W. W. Rouse Ball‘s “Mathematical Recreations and Essays” contains an odd but decidedly interesting collection of essays about a range of different subjects. The 4th edition dating from 1905 was recently posted to Project Gutenberg. Far from being interesting to mathematicians only, this book has something for everybody who’s interested in puzzles and number games or in the history of science.
The book is divided into two parts of quite different character. The first part, titled “Mathematical Recreations,” ranges from simple number games of the “guess the number” kind to magical squares and mazes, discussing topics such as mathematical and geometrical fallacies, the “Eight Queens” problem on a chessboard, map colourings and many more. The problems presented are not exactly new or original and don’t pretend to be, but I like the systematic treatment given to many of them.
Part II of the book, titled “Miscellaneous Essays and Problems,” contains a wealth of historical information about mathematics-related topics made even more fascinating by the fact that it was written more than a century ago. It starts with a description of the development of the Mathematical Tripos at Cambridge, giving a very interesting glimpse into the history of mathematics education at one of Britain’s most prestigious universities. The next chapters give a history of classical geometrical problems, the quadrature of the circle the most prominent of them, followed by an introduction to Mersenne’s numbers. After that comes a short description of the “scientific” aspect of astrology, which the author himself wasn’t too sure whether to include. There’s a chapter introducing early cryptography, one on hyper-space, including space with more than three dimensions as well as non-Euclidean geometry, and one on time measurements.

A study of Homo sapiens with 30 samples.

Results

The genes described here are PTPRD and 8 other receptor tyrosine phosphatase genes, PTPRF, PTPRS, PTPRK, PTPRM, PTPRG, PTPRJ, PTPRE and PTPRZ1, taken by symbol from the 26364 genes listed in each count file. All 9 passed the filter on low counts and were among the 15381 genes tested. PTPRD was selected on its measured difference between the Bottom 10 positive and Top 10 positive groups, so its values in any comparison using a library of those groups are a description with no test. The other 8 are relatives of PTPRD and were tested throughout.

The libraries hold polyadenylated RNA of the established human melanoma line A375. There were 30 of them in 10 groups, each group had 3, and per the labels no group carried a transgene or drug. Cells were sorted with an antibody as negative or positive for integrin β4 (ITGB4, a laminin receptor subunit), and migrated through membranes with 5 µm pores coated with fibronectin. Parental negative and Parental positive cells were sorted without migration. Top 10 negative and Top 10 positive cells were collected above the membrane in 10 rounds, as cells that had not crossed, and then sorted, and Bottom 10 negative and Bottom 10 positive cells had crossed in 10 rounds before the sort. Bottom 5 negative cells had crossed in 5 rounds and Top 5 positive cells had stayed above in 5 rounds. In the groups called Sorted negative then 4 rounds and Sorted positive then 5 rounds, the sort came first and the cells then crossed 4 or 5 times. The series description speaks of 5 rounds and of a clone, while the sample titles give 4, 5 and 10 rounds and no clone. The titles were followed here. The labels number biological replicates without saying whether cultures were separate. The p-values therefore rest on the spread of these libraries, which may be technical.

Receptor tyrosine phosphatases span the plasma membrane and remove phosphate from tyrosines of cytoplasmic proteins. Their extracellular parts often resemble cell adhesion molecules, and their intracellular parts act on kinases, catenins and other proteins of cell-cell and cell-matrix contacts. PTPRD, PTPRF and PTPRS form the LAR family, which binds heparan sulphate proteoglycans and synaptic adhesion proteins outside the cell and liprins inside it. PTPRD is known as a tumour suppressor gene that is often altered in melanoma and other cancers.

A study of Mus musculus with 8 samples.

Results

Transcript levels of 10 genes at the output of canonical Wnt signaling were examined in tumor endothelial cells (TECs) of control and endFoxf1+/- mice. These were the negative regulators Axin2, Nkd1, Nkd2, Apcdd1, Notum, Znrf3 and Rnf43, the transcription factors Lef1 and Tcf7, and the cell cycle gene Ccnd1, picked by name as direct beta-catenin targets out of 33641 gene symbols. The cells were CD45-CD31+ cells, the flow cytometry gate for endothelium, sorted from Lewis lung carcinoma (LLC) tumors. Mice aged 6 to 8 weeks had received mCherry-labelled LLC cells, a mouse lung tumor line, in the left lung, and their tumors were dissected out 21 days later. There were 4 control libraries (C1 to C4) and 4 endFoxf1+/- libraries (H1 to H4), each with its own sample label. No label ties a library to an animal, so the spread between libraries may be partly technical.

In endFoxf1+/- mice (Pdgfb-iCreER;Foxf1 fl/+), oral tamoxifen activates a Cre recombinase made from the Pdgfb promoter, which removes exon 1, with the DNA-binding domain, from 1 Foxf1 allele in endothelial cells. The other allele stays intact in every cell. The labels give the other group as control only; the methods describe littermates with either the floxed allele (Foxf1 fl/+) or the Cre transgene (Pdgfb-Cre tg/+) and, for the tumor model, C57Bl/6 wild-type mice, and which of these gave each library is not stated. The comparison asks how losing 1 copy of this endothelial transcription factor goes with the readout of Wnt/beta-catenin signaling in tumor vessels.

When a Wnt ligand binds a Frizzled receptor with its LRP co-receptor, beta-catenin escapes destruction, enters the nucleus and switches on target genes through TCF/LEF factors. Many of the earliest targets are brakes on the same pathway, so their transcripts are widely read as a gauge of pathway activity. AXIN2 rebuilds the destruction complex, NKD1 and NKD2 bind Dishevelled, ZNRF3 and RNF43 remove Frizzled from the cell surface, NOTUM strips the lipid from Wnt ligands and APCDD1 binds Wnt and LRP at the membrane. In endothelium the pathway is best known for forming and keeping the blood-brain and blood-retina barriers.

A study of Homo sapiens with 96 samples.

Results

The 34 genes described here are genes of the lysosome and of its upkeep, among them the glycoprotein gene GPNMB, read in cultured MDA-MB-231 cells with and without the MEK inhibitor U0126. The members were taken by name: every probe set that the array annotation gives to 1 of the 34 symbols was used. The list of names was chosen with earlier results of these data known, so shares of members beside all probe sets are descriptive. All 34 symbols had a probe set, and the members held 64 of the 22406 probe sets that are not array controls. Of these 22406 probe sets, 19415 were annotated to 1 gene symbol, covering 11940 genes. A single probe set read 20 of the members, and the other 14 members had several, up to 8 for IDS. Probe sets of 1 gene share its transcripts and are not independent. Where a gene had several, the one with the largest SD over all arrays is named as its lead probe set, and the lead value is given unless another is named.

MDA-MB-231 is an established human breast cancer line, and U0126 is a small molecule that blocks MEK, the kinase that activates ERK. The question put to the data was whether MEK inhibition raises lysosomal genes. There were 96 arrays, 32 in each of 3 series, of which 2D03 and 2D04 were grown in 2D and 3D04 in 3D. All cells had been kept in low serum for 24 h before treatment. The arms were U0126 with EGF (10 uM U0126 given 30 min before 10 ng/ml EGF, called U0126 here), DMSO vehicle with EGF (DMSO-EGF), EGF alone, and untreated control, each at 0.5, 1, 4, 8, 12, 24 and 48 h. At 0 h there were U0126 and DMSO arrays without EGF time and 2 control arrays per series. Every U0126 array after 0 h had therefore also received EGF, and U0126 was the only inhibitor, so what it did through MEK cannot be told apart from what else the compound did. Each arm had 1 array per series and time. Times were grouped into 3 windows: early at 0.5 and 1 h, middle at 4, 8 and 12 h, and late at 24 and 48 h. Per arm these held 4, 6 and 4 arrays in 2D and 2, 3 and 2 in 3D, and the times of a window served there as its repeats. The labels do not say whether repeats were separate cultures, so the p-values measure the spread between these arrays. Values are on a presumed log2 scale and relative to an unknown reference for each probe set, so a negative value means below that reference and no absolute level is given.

But my absolute favourite is the last chapter on matter and ether theories. At the time this book was written, the internal workings of atoms were not yet known and the subject of the wildest speculations. The author gives an account of the different theories proposed and how they explain the way atoms interact with each other. Rather than reporting scientific developments from a historical standpoint, this chapter provides some valuable insights into science in action, which makes it really fun to read.
Tucked away behind the index are advertisements for the W. W. Rouse Ball’s other works, together with blurbs from probably every review that was ever printed. Let me cite from one of the reviews for this book, which I have to heartily agree with:
… A great deal of the information is hardly accessible in any English books; and Mr. Ball would deserve the gratitude of mathematicians for having merely collected the facts. But he has presented them with such lucidity and vivacity of style that there is not a dull page in the book; and he has added minute and full bibliographical references which greatly enhance the value of his work.–The Cambridge Review.
I thoroughly enjoyed reading this book and would really like to see the other works by this author on PG: they are surely worth a closer look.